Choosing a privacy-respecting chatting app
Which chatting app do you use to contact your loved ones?
Do you use WhatsApp?
Do you use Telegram or Signal?
Well, either you need to accept their terms or switch to any other app and do the hard work of convincing every contact to move to your new chat app whose terms you can agree. What if you are a student and all the important notifications are sent to the WhatsApp group? Would you convince your school to avoid WhatsApp? What if they don’t care? Now you are forced to be on WhatsApp to make sure you don’t miss any important updates. So, when you click on ‘I Agree’ to the document which says, “We will put you in surveillance. It has a lot of benefits. Your life will be very convenient”, do you really agree, or you just gave in to social pressure? Or you did not care? Do you really have a choice?
So, how do we control our means of communications? What does controlling our communications mean? If we control our means of communications, can we ensure privacy as well? I will go into details of what I mean when I say that the users control the software. If the users have the freedom to run, copy, distribute, study, change and improve the software, then the users control the software. Such a software is called free software, where ‘free’ refers to freedom and not to price. In this article, ‘free’ refers to freedom and never to price. I suggest you to read this article to understand why these freedoms are important and how this gives users control over the software. Examples of free software(freedom-respecting) chatting apps are Telegram, Signal, Quicksy, Element etc. If users lack any of these freedoms, then the software is called nonfree/proprietary and such a software cannot be trusted by the user. WhatsApp is an example of nonfree/proprietary software.
Chatting apps usually have two components: 1. The app that you install on your device; 2. A server (we will call it a service provider)which transfers the messages from the sender to the recipient. If you control only the software, the service provider still has the power to impose unjust conditions on you. In the above-mentioned example, Signal is a free software which includes the freedom to modify the code but when a project modified the Signal app code, Signal refused to allow them to connect to their server or federate with any other server. This is not true freedom. So, to control our chatting system, software must be free but that is not enough.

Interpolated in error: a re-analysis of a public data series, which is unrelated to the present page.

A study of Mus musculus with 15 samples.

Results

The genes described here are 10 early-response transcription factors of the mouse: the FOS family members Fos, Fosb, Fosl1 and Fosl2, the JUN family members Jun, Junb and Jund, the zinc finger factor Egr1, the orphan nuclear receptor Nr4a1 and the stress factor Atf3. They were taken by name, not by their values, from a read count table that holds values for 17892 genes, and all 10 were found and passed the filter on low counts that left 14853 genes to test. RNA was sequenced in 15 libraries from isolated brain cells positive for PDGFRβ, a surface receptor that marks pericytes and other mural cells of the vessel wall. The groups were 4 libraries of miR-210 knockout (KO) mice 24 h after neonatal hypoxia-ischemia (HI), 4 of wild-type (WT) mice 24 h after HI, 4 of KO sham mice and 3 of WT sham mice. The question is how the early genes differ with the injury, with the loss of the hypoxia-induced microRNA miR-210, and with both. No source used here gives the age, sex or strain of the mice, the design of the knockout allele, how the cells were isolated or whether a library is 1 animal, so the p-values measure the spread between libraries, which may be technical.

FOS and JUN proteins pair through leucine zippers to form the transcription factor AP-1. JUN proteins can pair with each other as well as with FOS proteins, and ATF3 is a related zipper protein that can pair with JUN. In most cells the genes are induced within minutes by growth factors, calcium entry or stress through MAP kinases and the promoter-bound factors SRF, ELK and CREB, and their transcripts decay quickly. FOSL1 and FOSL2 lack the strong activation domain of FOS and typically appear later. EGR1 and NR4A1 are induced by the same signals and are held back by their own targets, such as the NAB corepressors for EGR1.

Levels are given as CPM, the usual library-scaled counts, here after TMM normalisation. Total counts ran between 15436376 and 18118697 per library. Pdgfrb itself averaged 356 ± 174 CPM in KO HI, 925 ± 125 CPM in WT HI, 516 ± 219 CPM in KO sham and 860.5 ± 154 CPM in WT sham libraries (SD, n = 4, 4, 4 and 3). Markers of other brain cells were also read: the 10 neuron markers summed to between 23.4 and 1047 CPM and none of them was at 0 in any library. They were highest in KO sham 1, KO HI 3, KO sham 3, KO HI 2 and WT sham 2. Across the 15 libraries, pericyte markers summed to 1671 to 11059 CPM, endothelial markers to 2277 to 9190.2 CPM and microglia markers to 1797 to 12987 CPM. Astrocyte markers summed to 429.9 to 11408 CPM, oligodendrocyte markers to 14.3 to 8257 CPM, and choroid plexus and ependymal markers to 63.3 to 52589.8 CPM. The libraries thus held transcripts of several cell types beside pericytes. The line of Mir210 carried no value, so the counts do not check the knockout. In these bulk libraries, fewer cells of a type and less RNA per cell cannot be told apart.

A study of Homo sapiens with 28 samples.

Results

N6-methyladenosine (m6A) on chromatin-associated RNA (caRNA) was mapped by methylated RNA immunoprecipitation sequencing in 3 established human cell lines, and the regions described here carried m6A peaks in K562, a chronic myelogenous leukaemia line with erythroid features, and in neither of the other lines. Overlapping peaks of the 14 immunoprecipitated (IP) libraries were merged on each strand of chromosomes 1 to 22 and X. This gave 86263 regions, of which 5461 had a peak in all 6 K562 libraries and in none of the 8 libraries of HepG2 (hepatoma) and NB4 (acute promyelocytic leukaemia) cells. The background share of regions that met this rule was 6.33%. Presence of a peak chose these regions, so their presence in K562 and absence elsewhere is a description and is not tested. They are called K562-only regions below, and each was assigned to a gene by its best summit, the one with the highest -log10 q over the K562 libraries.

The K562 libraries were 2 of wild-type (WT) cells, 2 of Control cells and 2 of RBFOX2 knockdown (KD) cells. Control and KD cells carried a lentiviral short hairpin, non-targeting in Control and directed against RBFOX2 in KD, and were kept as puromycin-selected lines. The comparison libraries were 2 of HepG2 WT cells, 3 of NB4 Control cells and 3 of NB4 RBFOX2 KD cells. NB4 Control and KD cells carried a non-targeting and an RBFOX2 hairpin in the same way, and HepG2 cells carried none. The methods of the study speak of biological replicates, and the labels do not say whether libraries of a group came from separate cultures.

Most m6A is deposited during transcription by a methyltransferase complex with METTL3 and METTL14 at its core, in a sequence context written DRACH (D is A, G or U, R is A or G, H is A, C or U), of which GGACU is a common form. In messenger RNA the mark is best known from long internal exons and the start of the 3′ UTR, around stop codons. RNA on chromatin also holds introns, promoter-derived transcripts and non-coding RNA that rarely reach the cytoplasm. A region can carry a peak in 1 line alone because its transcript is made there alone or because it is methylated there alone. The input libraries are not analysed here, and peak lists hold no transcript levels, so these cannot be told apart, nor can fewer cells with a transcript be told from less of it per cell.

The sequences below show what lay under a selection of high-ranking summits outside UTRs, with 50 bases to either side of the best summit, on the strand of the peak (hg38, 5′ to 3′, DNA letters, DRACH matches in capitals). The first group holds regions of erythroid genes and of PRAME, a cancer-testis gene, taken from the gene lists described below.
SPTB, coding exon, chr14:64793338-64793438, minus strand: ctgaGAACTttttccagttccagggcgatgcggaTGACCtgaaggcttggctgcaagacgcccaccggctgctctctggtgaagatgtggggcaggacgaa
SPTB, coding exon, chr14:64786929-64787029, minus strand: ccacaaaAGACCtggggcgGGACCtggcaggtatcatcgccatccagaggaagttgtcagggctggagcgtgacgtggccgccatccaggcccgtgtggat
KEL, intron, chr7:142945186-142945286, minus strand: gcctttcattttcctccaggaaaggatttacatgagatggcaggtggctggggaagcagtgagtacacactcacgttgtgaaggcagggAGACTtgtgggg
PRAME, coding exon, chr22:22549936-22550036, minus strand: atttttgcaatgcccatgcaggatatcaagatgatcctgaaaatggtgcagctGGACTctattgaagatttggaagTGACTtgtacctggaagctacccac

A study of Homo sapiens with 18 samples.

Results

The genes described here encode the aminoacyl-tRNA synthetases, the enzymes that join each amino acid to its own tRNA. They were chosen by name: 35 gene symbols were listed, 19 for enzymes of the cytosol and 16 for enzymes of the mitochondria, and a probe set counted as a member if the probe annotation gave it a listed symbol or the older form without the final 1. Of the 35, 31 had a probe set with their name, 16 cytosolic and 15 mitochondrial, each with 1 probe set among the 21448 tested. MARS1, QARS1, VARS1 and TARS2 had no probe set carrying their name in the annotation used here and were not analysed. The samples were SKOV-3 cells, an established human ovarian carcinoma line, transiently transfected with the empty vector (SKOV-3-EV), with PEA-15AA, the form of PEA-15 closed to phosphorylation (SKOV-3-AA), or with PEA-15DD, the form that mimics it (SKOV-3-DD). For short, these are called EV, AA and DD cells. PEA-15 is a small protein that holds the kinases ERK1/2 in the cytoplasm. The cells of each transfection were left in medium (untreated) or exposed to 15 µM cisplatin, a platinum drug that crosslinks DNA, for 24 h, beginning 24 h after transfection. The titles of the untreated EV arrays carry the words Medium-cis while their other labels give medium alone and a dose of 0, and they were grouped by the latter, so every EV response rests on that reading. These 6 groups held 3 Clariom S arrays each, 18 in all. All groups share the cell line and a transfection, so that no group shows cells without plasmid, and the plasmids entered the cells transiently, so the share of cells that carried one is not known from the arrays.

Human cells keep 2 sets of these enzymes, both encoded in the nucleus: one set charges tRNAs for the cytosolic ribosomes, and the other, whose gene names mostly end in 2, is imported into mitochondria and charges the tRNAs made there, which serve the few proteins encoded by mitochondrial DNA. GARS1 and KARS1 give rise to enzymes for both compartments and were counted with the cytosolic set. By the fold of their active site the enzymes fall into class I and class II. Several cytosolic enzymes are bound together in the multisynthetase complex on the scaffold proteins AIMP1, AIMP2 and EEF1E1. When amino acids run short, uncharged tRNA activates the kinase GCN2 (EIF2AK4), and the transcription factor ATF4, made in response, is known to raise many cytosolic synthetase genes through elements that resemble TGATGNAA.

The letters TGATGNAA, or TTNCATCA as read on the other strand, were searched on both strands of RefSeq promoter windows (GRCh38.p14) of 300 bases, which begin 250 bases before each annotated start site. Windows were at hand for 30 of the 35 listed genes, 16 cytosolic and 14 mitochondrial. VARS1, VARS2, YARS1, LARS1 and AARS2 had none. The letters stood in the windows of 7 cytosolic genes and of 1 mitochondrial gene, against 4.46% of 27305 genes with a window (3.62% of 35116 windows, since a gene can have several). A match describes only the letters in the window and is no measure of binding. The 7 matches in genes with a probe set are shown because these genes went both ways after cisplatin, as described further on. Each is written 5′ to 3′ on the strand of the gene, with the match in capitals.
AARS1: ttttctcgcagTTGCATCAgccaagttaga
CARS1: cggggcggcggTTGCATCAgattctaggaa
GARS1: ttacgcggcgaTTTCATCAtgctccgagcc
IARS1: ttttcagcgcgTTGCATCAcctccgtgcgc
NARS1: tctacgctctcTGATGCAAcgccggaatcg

Therefore, for full control, we need to have federated chat systems – to allow users registered on different service providers to communicate with each other - for instance a mail server run by Google federates with a mail server run by Microsoft when you send email from @gmail.com to @hotmail.com. So you can choose a free software and a trusted, community-run service-provider, and this is what I mean by having control over our communications. This control is collective control by community. Examples of such systems are Matrix and XMPP. Federation answers the question raised earlier: What to do if the service provider imposes terms and conditions you do not agree with? You can switch to another service provider or you can be a service provider and still communicate with your contacts. You don’t need to convince them to switch to a new provider. Examples of matrix apps are- Element, Nheko, Fluffychat etc. Examples of XMPP apps are- Conversations, Dino, Gajim, Siskin IM etc. Make sure that the app supports end-to-end encryption–which means only the sender and recipient can read the messages.
Quicksy app is at the intersection of freedom and convenience. It registers the account with a phone number, which makes the app convenient and easy to use. It federates with XMPP so no one is forced to use Quicksy and so other people can use some other XMPP app(like Conversations) which do not require any personal details to create an account.
To get started with XMPP, you can use this guide or use Quicksy app if you don’t mind registering with your phone number.
Telegram and Signal apps are freedom-respecting but since they are not federated, the overall chatting system is not freedom-respecting.
Another way to freedom is to use freedom-respecting encrypted messaging apps which do not involve any servers. These are called peer-to-peer apps. The downside here is that both the users need to be online at the same time to exchange messages. You can choose to run the app in background to receive messages. Examples: Briar, GNU Jami, Tox.
TL;DR : Free Software app + Federated chat systems like Matrix or XMPP and free software peer-to-peer apps like Briar give users full control over their communications and therefore you can ensure privacy. Nonfree/proprietary software control the users and therefore cannot be trusted for privacy.
FSF India’s article on the same.
Instant Messaging: It’s not about the app - XMPP provides sovereignty of your communication.
How to ensure your Instant Messaging solution offers users privacy and security.